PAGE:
First Time Slide Rail User Makes the Grade in Wyoming

Wed July 01, 2009 - West Edition
James McRay

Slide Rail is installed simultaneously as the trench or pit is excavated by sliding the panels into integrated rails on the posts — an outside slotted rail first, then an open-face rail on the inside, then pushing the panels and posts incrementally
Slide Rail is installed simultaneously as the trench or pit is excavated by sliding the panels into integrated rails on the posts — an outside slotted rail first, then an open-face rail on the inside, then pushing the panels and posts incrementally



Evans Construction Co. of Jackson, Wyo., recently installed a new 8 ft. (2.4 m) diameter lift station in the suburbs around Jackson Hole. Due to the limited space and multiple adjacent structures and cross-utilities, Evans needed a non-traditional shoring system.

Evans was originally contracted to replace the pumps in on overworked 6 ft. (1.8 m) diameter lift station; but upon examining the existing pump station, it was discovered that it was leaking. City and engineers decided to contract Evans to install a new 8 ft. lift station with new pumps. Evans installed two manholes to reroute the sewer line to the new lift station.

Slide Rail System Saves Money

“Because of the tight quarters where we installed the lift station, we had to truck out all the dirt we excavated, and truck it all back in again,” said Brad Shultz, project manager of Evans. “The challenge was how to safely shore the excavation while expending as little money and effort as possible, while also working in some very tight and difficult spots.”

The three traditional shoring methods for four-sided pits: tight-sheeting, welded walers, or four-sided trench shields; were all dismissed at the outset of the bidding for the project because the excavation needed to stay in the utility easement, and there were many mature trees and houses around the site. Plus, electrical utilities were adjacent to the pit within 15 ft. (4.6 m).

Sloping was definitely not an option, according to the company.

Shultz started looking for a shoring solution by contacting Efficiency Production, Inc. — a manufacturer of trench shielding and shoring equipment.

Efficiency’s Slide Rail Systems Manager, Greg Ross, looked at Evan’s project specs and quickly knew that Efficiency’s universal slide rail system would be perfect for the project.

“I knew that our Slide Rail was going to work, because it is designed and engineered to be installed in the tightest of spots, and in all types of soil conditions,” said Ross.

“Dig and Push” System

Fits in Tight Spots

Efficiency’s universal slide rail is a component shoring system comprised of steel panels (similar to trench shield sidewalls) and vertical steel posts. The system can be used in a variety of configurations, such as small four-sided pits; large unobstructed working pits as big as 50 sq. ft. (4.6 sq m) with Efficiency’s ClearSpan System; or in a linear multi-bay configuration to install length of pipe more than 40 ft. (12 m).

Slide Rail is installed simultaneously as the trench or pit is excavated by sliding the panels into integrated rails on the posts — an outside slotted rail first, then an open-face rail on the inside, then pushing the panels and posts incrementally down to grade as the pit is dug; a process commonly referred to as a “dig and push” system.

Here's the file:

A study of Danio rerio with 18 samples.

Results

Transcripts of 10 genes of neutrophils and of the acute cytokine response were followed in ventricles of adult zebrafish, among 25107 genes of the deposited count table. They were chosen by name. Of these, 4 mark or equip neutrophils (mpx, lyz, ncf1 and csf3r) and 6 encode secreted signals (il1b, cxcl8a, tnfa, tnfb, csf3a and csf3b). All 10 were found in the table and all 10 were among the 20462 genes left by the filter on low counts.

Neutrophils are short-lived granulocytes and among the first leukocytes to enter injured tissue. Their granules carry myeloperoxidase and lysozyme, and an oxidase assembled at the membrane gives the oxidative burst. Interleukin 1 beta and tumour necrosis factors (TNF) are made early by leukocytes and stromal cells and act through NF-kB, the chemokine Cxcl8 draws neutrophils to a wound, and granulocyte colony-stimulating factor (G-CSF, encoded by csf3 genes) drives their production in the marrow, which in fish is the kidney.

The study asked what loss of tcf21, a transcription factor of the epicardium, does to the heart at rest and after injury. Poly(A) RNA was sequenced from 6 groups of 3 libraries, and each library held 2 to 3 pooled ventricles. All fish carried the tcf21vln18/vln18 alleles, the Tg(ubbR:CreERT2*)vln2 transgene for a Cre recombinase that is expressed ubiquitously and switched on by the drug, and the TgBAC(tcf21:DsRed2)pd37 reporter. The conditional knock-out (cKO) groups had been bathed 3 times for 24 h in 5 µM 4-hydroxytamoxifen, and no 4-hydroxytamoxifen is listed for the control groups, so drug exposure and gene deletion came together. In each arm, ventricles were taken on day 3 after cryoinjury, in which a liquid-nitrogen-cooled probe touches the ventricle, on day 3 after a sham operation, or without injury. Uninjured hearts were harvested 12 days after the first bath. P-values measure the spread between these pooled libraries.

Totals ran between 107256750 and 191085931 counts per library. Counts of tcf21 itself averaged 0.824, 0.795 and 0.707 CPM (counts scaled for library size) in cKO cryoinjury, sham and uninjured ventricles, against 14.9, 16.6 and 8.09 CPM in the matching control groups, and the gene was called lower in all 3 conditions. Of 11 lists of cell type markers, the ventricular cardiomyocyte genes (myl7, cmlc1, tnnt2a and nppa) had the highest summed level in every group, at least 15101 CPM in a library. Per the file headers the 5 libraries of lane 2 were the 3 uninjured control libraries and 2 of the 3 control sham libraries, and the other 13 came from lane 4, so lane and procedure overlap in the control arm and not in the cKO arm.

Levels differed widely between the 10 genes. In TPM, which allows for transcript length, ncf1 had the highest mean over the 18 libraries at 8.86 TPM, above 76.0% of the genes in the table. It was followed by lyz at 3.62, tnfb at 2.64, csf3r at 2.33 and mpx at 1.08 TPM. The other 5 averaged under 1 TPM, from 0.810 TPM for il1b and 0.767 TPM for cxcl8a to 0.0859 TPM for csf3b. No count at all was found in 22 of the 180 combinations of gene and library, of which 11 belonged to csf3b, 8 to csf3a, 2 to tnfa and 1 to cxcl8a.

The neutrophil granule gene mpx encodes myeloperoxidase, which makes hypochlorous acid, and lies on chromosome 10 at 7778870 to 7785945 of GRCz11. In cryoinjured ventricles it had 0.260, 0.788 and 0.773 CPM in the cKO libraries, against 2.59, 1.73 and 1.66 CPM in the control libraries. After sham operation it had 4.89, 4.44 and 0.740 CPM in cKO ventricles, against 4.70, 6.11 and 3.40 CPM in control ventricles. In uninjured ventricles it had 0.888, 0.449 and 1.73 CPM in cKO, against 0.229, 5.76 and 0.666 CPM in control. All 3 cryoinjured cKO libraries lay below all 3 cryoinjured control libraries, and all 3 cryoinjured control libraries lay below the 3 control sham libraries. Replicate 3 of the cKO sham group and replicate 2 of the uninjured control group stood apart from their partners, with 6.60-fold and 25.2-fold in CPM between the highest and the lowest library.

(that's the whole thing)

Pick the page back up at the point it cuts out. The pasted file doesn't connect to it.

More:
Efficiency Production is the only Slide Rail manufacturer to offer an open-face rail design on its Slide Rail posts.

“The System is so ingenuous because if installed properly, all the components slide down as the hole is dug, just as the name suggests,” said Shultz. “The panels slide in the post’s rails, then the posts slide past the panels as they are pushed. There is very little binding, and almost no need to aggressively pound on the components.”

Specialized Equipment

Not Needed to Install

Slide Rail System

Evans rented from Efficiency a four-sided configured slide rail system, utilizing a set of 16 sq. ft. (1.5 sq m) long panels, and 24 foot corner posts to install the lift station at a 20 ft. (6 m) grade. To reach 20 ft., Evans installed an 8 ft. panel stacked with a 4 ft. panel stacked on top in the outside slotted rails of the slide rail posts. Evans then installed another set of 8 ft. tall panels into the inside open-face rails on the posts to reach 20 ft.

“Everything went exactly as planned, perfect really,” said Shultz. “With Slide Rail, we could excavate to the exact dimensions of the system without any over cutting. This was a huge cost savings both in time and money. We probably saved as much as what a new trench box would have cost. Slide Rail was a real problem solver, both economically and physically,” Shultz added.

Evans used a Cat 330, and a Cat 325 excavator to install the system and precast lift station.

“We had another project similar to this one, a new 10 foot lift station, but installed in completely different conditions. We had lots of room to work with, so we went ahead with just old-fashioned sloping. By the time we had sloped the hole to the proper angle, we had to get a bigger crane just to reach over the heavily excavated hole. Even in that situation, I think slide rail would have been faster and easier, and saved us money,” concluded Shultz.

Evans Construction Company is located in Jackson, Wyo., and has been operating in the area since 1968. It specializes in heavy civil construction, asphalt paving and aggregated production/supplying, as well as producing concrete.

For more information on Evans Construction Company, call 307/733-3029.

For more information on Efficiency Production Inc., call 800/552-8800 or visit efficiencyproduction.com.

James McRay is the Marketing & Media Manager of Efficiency Production Inc.